DiNapoli Audit: Fund Balance of Green Island UFSD Three Times Legal Limit

Realistic Expense Estimates Could Have Reduced Tax Levy

Green Island Union Free School District’s unreserved fund balance totaled $737,166, more than three times the limit allowed by law, and multiple duties relating to the district’s financial operations were not appropriately segregated, according to an audit released today by State Comptroller Thomas P. DiNapoli.

“When school districts keep too much money in unreserved funds, taxpayers lose,” DiNapoli said. “Green Island Union Free School District’s unreserved fund balance was too high, and they didn’t have the right checks and balances in place to monitor spending.”

DiNapoli’s audit, covering July 2006 through October 2007, found the district’s unreserved fund balance totaled $737,166 in June 2007 or about 11 percent of budgeted appropriations for fiscal year 2007-08, which is more than three times allowed by law. Any fund balance at the end of the fiscal year that is more than three percent is supposed to be appropriated to the following year’s budget to reduce the district’s tax levy.

Auditors discovered the district maintained an excessive fund balance since June 2005 because it overestimated expenditures and failed to appropriate the funds to the next year’s budget. This most likely resulted in higher than necessary tax levies.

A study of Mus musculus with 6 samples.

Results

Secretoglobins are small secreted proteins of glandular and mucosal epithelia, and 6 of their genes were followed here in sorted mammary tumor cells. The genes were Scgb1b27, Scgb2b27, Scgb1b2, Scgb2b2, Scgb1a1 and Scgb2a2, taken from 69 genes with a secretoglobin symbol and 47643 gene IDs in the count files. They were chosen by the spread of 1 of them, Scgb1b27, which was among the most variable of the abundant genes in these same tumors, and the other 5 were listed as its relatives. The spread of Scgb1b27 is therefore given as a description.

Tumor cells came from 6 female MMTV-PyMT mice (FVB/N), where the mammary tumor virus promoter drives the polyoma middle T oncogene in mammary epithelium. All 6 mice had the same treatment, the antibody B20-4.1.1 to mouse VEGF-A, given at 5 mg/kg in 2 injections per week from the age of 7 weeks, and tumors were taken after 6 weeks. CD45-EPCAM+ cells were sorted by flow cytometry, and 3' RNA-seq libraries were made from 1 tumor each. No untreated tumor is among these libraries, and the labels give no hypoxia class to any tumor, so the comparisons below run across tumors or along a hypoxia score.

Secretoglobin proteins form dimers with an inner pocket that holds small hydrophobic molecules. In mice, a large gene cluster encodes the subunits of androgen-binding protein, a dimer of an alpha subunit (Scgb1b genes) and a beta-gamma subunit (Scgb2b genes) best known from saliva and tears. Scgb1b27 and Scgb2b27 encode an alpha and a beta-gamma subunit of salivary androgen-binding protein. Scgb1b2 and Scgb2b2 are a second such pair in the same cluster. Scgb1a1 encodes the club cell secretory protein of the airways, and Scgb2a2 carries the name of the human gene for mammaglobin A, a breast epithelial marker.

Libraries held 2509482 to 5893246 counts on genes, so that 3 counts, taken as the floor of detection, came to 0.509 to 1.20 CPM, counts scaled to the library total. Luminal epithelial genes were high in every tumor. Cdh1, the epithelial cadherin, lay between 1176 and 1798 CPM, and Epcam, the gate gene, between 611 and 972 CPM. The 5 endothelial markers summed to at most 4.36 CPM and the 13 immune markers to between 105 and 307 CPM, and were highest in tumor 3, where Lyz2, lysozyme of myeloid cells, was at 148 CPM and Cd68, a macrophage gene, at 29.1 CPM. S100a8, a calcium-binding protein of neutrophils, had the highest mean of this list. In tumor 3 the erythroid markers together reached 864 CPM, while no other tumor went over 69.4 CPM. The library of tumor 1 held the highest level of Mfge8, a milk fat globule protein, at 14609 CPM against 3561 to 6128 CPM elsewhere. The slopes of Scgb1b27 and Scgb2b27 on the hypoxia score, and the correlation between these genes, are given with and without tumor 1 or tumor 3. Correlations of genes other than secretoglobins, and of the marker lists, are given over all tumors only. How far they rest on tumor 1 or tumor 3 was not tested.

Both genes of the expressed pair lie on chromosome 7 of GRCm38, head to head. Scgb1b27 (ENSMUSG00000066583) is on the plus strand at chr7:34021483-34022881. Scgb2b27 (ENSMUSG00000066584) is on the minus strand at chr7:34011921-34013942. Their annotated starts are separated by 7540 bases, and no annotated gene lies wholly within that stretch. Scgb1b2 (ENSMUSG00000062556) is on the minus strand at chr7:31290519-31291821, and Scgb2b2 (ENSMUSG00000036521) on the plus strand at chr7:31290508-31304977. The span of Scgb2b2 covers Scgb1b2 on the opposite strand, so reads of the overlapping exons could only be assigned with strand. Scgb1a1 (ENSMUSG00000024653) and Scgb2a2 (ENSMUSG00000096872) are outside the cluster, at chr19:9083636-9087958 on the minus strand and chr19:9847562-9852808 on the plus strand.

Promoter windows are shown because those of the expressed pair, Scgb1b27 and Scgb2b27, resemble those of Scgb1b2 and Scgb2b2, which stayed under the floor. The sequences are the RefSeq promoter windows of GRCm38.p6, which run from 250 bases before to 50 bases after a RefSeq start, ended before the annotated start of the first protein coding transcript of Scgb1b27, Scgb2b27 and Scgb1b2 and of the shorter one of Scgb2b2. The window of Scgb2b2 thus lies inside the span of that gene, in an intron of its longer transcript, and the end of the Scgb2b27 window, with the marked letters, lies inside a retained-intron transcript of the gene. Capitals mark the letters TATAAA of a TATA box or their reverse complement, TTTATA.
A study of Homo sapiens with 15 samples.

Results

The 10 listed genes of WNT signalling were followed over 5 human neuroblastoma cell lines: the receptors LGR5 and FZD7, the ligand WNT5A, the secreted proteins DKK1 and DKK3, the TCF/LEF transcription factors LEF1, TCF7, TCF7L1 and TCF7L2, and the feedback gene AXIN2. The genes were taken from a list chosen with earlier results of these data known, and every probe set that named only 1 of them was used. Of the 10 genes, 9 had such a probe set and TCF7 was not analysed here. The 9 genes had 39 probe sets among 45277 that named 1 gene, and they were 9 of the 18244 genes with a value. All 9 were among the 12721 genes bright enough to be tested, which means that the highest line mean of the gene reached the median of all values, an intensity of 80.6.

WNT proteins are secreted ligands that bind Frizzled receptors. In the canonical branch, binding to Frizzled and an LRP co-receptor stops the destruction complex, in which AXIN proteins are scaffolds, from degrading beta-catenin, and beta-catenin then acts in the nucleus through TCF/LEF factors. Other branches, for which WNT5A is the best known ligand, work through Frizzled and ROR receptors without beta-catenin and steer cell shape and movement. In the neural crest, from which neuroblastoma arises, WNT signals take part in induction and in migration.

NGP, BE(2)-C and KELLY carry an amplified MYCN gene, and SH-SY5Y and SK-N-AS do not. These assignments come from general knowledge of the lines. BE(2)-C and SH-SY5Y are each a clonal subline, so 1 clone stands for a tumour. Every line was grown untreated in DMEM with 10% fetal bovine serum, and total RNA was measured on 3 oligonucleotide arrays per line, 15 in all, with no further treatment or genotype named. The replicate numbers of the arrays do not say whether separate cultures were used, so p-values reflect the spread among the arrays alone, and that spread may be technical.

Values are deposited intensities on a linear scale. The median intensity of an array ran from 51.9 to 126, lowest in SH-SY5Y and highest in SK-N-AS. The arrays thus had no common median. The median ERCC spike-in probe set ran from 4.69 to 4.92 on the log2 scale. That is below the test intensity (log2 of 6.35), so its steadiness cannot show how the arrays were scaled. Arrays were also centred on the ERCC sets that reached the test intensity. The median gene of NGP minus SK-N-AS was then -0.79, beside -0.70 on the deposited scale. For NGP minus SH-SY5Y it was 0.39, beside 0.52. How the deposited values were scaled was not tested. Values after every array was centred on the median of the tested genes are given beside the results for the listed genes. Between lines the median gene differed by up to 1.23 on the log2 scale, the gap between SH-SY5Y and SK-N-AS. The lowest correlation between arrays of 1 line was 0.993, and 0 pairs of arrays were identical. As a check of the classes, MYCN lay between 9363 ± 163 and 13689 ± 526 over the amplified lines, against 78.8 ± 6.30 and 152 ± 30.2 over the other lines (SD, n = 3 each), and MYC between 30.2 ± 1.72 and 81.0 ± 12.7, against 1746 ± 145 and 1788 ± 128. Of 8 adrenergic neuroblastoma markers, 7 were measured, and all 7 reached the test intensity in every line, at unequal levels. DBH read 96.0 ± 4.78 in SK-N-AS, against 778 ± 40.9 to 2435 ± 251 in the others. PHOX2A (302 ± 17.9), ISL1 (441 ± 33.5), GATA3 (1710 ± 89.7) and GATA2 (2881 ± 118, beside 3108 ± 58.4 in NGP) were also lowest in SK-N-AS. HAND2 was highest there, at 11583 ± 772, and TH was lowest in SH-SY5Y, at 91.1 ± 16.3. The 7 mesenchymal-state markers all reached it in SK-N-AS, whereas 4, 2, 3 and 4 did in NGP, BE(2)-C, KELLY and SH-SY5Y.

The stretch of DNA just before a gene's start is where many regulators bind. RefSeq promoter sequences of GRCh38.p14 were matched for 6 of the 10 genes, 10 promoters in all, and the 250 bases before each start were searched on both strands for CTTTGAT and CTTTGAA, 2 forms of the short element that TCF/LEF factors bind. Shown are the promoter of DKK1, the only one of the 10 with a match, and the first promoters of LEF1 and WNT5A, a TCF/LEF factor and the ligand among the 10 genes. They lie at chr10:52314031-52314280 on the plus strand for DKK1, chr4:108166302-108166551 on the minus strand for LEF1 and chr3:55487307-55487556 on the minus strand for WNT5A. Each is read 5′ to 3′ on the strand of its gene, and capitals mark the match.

Auditors also determined that the district’s controls over purchasing and claims processing were not appropriately designed or operating effectively to safeguard the district’s finances. Prior to September 2007, the district did not have any written policies or procedures in place regarding purchases. As a result, expense claims were paid without proper authorization and supporting documentation.

In addition, the superintendent acted as the district’s purchasing agent and claims auditor even though Education Law expressly prohibits superintendents from acting as claims auditors. Failing to appoint an independent claims auditor put the district’s finances at risk of paying for improper or illegal claims.

The audit also found that the district:

  • paid $497,726 in claims without prior Board audit and approval; of that $390,209 in claims also lacked sufficient supporting documentation;
  • did not properly segregate the treasurer’s duties to ensure proper checks and balances over financial transactions;
  • improperly appointed a Board of Cooperative Educational Services employee as its internal auditor, putting the internal auditor in the position of evaluating her employer’s services to the district; and
  • had no formal disaster recovery plan and did not backup data daily or restrict user access rights based on employee roles.

The audit recommends that district officials:

  • develop a plan to reduce the unreserved fund balance in the general fund and prepare accurate budget estimates;
  • properly audit and approve all claims prior to payment;
  • terminate relationships that do not meet independence requirements and properly segregate all duties; and
  • develop a formal disaster recovery plan, ensure that data is backed up on a routine basis and appropriately restrict user access rights to match employee’s duties.

The district’s full response is included in the audit.

Click here to view the audit.

School District Accountability:
In order to improve accountability of the state’s schools, DiNapoli’s office will audit all of New York’s 834 school districts, Board of Cooperative Educational Services (BOCES) and charter schools by 2010. The State Comptroller’s office has completed 425 school audits and approximately 200 school audits are currently underway.